An individual who is affected by sensorineural deafness is not necessarily completely deaf. Actually, in many cases only certain sounds become difficult to hear. Some sounds can seem too loud, while others may seem a lot less distinctive. Noisy conditions can make it difficult for you to single out speech patterns. The person may have difficulty when attempting to follow a conversation with more than one person speaking and may find that women’s voices are harder to understand than men’s. Difficulties in hearing aren’t the only manifestation of sensorineural hearing loss: ringing in the ears and dizziness can also arise.

There is no single cause of sensorineural deafness that applies to all individuals. Sensorineural hearing loss may be present at birth for some people. The hearing loss could have an underlying genetic cause. It can also come about from particular infections which can be passed from mother to child.

The reasons for sensorineural hearing loss later in life are much more varied. Exposure to an extremely loud noise – also called acoustic trauma – is one possible reason. Consistent exposure to lower level noise, such as working with noisy equipment or listening to loud music, can also lead to inner ear damage.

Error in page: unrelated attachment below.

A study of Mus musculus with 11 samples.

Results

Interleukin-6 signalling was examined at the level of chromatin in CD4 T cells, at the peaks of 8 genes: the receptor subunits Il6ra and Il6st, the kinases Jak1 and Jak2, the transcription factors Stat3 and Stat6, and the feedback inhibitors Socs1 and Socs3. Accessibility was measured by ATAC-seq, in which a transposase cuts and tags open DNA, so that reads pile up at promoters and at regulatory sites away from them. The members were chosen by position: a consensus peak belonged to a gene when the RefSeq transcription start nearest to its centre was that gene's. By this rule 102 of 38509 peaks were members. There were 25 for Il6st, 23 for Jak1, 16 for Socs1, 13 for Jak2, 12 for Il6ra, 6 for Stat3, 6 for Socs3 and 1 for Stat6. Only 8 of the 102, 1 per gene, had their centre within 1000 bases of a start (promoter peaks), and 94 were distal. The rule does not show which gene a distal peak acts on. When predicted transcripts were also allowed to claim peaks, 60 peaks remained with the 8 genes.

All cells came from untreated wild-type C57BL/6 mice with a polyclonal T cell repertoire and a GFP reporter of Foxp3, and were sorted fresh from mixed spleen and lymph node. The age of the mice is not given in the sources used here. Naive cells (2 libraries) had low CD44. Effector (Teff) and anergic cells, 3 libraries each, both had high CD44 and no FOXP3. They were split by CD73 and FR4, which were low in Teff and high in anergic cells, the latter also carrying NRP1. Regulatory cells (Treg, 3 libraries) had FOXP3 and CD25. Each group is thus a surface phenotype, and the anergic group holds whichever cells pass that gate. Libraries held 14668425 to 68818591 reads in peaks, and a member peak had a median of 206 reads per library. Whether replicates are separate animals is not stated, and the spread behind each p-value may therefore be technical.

Viral infections can cause sudden sensorineural hearing loss. These infections include meningitis, measles and mumps. Equally problematic is Meniere’s Disease, which can lead to fluctuating hearing loss as well as tinnitus and vertigo. Corticosteroids may prove helpful in these two cases.

Sensorineural hearing loss can be caused by tumors, as well as head trauma and abrupt changes in air pressure. A hereditary disorder known as otosclerosis can cause a bony growth to form around an important bone in the middle ear, leading to sensorineural hearing loss.

While sensorineural hearing loss can have a profoundly negative effect on your quality of life, there are treatments available.

The site information is for educational and informational purposes only and does not constitute medical advice. To receive personalized advice or treatment, schedule an appointment.